A NEW LOOK
How Rockets players are slowly adjusting to Russell Westbrook
Though opening night didn't go as planned for Houston, Rockets fans did get a taste as to what Russell Westbrook could provide to an already potent offense. The Rockets were noticeably faster (27 fast break points), more athletic (won the rebounding battle 57-53), and had someone who could take over the game with reckless abandon when James Harden had an off night. After a somewhat murky preseason where it wasn't quite clear if the Rockets had acquired a deteriorated version of the 2016-17 MVP, Westbrook put those worries to bed early on night one, finishing with 24 points, 16 rebounds, 7 assists, 2 steals, and 1 block on decent efficiency.
"He's a gamer," said Rockets head coach Mike D'Antoni at Friday's practice. "When the lights come on, that's when he's the best. He plays from athleticism, just a competitive, ferocious kind of nature."
Westbrook's chaotic mastery particularly came to form with the second unit, where Westbrook is slowly starting to get his timing down with his new teammates. For a while, it seemed Westbrook was moving a rate that was almost too fast for Rockets players who were used to the deliberate pace they played at last year. After a few games under their belt, their timing with Westbrook is slowly starting to come around.
For much of the preseason, Rockets shooters and divers weren't ready for Russell Westbrook's passes. Last night wa… https://t.co/HF4byV0VJS— Salman Ali (@Salman Ali)1572042399.0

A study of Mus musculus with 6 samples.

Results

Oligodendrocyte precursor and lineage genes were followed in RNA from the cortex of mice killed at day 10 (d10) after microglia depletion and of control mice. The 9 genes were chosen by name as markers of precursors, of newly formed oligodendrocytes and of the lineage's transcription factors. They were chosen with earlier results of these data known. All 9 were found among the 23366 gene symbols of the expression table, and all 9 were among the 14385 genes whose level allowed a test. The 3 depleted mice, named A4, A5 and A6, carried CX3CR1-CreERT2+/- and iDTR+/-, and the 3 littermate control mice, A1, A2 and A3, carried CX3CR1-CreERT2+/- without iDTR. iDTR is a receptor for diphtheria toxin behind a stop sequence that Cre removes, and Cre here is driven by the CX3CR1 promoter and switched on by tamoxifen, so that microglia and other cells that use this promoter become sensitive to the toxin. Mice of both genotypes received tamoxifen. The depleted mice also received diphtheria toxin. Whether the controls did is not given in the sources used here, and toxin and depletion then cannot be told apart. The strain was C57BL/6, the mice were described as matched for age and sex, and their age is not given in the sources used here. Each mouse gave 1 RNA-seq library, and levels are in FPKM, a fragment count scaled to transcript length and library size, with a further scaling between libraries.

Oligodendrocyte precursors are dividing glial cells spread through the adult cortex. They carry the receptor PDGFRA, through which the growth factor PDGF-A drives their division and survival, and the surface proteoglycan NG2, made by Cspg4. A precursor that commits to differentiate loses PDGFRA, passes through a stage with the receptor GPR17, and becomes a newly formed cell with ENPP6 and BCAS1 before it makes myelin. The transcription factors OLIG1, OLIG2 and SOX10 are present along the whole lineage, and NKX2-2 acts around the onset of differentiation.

"You don't average a triple double for no reason," said D'Antoni. D'Antoni believes Westbrook will feast off of opposing second units or tired first units with the way Houston staggers him with Harden.
"When you play fast, guys are going to be open at some point in time," said guard Eric Gordon. "Any defense is not going to be able to stop all of it. He's a threat by himself and whenever he's playing fast, he creates for everybody else."
It's a change of pace, but the Rockets view it as a welcome change of pace. D'Antoni particularly, has always wanted to play fast. Last season was a delineation from his core values, but believed it was the best way to go about things with the personal the Rockets had to work with. This year, he's getting back to those core values and he seems more enthusiastic about the possibilities with this newly-framed roster.
"It's important for who we are," said D'Antoni. "We were really good with Chris [Paul] and James [Harden] getting to half-court and figuring things out and going a little bit iso, especially the year before. And they were really good at it, so that's how you do it. I didn't think the pace was that important as long as we were efficient. Well, this is a whole different beast. With Russell, if you can play at that pace and that's a natural pace, I like it better. I think it's better for the team. But you don't just do it, it's got to come natural."
Rockets players, now better adjusted to Westbrook, also seem to prefer this pace as they believe it serves their skill sets better.
"I think we've always tried to play a faster play of pace, but his pace is a whole nother level and it helps our team a lot because it draws a lot of attention," said forward P.J. Tucker "Guys really like this way. It equals a lot of open shots on the perimeter and dunks at the rim. So I think it's something we'll continue to get better at, but right now, it was good last night."
It's only one game, but the Rockets closed last night with a pace of 109.8, over 13 possessions per game higher than any of Mike D'Antoni's Phoenix Suns teams (the highest being 2007-08 which was 96.7).
"Six seconds or less, baby," Mike D'Antoni joked as he left the media scrum.